Saturday, January 22, 2011
A work of art is like a treasure. Once it leaves the artist's studio or workshop, it will hopefully be valued enough to be "used" by an admirer or preserved in a gallery's collection. What happens during its lifetime creates a startling image of both its original time and the values that the world places upon it.
This could mean that the owner might trim off the artworks edges or cut into individual fragments. There are numerous examples of this, including the tragic history of the Pistoia Santa Trinità. Commissioned in 1457 with Francesco Pesellino and finished within Fra Filippo Lippi's workshop, this work had experienced severe fragmentation during its lifetime.
Example of the Fragmentation
Then there is an issue of additions. What if its owner's passion inspires him to commission further additions? Often additions are made to suit the taste for the time. For instance, the National gallery mentions one particular painting that changed drastically in appearance over time. Originally the painting was identified as a painting of Palma Vecchio, with a sweet innocent brown haired girl as its sitter. The painting, however, after its cleaning presented a different image. Now the “Women at the Window” presents a seductive image of a blonde hair woman without the attribution to any artist.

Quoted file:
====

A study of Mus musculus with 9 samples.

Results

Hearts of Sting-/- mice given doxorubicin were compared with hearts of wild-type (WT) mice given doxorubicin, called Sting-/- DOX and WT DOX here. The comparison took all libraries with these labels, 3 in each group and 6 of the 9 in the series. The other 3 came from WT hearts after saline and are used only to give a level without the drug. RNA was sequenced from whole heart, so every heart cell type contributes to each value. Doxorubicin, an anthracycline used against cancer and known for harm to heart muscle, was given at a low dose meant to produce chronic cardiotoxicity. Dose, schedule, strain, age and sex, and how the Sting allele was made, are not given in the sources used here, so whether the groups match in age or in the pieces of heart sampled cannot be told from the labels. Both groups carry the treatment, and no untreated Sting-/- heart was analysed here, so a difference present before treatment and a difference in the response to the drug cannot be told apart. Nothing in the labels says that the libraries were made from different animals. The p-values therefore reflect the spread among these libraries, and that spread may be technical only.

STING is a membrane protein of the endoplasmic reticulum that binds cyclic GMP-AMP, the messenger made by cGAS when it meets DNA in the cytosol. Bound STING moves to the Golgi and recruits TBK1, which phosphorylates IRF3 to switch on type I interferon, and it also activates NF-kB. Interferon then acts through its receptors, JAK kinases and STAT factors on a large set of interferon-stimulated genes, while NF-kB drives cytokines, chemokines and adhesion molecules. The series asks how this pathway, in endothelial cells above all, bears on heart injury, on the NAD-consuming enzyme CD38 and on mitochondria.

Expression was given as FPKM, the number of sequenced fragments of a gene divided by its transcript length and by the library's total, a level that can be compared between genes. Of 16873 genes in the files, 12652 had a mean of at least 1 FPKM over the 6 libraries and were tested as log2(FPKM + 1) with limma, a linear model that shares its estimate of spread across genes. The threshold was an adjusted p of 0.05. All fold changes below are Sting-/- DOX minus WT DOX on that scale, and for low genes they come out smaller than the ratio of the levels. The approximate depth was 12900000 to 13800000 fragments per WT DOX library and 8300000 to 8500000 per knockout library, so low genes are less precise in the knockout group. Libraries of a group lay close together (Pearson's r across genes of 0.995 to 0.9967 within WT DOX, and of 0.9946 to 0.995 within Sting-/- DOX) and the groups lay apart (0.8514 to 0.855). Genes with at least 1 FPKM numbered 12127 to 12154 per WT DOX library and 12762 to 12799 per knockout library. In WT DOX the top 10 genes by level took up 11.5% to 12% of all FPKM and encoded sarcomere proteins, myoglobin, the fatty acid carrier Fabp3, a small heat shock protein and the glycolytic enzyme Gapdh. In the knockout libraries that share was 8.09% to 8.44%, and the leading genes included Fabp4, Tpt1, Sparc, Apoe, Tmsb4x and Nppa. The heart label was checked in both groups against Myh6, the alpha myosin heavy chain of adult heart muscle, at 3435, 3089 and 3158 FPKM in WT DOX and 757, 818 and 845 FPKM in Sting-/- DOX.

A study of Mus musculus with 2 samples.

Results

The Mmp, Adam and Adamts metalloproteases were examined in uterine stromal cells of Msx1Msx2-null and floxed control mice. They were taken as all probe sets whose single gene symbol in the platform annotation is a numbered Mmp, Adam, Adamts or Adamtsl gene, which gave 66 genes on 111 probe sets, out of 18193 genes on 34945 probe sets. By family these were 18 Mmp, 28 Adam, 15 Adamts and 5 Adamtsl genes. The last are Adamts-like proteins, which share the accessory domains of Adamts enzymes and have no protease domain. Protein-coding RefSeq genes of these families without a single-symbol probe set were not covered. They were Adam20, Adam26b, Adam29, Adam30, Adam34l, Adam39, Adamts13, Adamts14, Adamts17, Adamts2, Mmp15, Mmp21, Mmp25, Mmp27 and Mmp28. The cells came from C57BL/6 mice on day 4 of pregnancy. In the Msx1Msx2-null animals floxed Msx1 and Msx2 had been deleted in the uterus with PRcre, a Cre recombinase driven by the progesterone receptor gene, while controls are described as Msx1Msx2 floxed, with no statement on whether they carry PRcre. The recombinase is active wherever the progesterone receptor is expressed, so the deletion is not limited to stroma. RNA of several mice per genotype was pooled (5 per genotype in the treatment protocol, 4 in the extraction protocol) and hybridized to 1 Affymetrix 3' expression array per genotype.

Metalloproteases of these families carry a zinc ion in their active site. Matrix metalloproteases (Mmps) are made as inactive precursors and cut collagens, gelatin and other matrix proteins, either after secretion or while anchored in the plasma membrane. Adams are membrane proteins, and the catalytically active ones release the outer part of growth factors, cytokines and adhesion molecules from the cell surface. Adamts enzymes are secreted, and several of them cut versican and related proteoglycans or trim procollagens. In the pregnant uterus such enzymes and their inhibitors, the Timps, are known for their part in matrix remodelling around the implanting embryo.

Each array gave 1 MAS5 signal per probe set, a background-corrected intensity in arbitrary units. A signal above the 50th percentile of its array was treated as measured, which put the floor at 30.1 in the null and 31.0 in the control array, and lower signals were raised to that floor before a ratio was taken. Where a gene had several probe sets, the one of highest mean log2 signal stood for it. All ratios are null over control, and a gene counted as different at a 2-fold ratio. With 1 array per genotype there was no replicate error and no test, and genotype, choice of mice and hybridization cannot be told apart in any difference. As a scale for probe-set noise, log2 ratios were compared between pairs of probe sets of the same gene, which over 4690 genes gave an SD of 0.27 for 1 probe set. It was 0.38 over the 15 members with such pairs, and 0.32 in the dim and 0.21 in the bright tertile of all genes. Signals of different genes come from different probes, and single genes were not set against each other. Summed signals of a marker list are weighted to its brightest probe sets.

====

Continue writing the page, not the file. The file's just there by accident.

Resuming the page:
These are just a few examples of what happens to a work of art within its given lifetime. After the work leaves the studio, a great amount of history may change it. Even if the work luckily gets absorbed into a collection, its survival is still not guaranteed.
Caring for an object’s history and preserving it for the future comes into the territory of the conservator. A conservator must learn as much as he or she can about works of art: from how they have been valued over time, in the present day, and how to keep this value within the future.